Though the opening ceremonies aren't until tomorrow, the 2014 Olympics officially kick off today in Sochi—and the Wall Street Journal is ready with its extremely complex medal prediction system, which proved to be accurate to within just a few medals at the last two Olympics. So who's likely to be the big winner this time around? The Journal predicts Norway will walk away with the most overall medals at 33, followed by the US at 32, Canada at 30, and Germany and Russia at 27 each. As for gold medals, Norway and the US are predicted to tie for the top spot with 13 each. Germany and Canada are also in the top four there, predicted to walk away with 10 and nine gold medals, respectively.
What are the factors at play? Well, consider that Norway has already racked up the most Winter Olympics medals of all time and the most gold medals from the Winter Games. Their athletes are focused on Nordic sports like cross-country and ski jumping: "We concentrate where we can do well," explains an International Olympic Committee member who organized the 1994 Lillehammer Games. Meanwhile, the US gets a boost from three newly-added competitions in sports at which it excels: snowboarding, freestyle skiing, and women's ski jumping. But one big problem for the US? Many important athletes are struggling with injuries.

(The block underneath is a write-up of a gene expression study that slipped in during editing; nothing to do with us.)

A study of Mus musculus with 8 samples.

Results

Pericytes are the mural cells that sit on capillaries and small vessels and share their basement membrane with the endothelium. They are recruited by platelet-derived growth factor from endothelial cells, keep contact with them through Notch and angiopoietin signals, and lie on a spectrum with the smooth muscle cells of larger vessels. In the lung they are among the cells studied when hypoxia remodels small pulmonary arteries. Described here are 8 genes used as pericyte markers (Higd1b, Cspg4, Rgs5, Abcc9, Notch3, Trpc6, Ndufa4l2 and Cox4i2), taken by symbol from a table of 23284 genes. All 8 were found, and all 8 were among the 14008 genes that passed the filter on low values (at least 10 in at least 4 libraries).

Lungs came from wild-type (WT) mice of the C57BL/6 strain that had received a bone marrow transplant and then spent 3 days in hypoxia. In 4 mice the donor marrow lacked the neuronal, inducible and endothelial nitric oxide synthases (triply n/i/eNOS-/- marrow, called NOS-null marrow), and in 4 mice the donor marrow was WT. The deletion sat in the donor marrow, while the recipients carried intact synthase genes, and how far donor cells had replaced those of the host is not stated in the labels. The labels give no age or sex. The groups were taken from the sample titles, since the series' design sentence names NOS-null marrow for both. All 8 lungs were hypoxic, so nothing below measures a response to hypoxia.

- A very different model—one that focuses on statistics like a country's GDP and exports rather than the athletes themselves—predicts the US will win out with 29 medals total, while Norway will only grab 16, Smithsonian reports.
- And if you'd rather look at betting odds for your prediction, the most recent story on SB Nation says the odds basically agree with the Journal: Norway is favored to be the top gold medal-winner, followed closely by the US, while the US is favored to bring home the most overall medals, followed by Norway.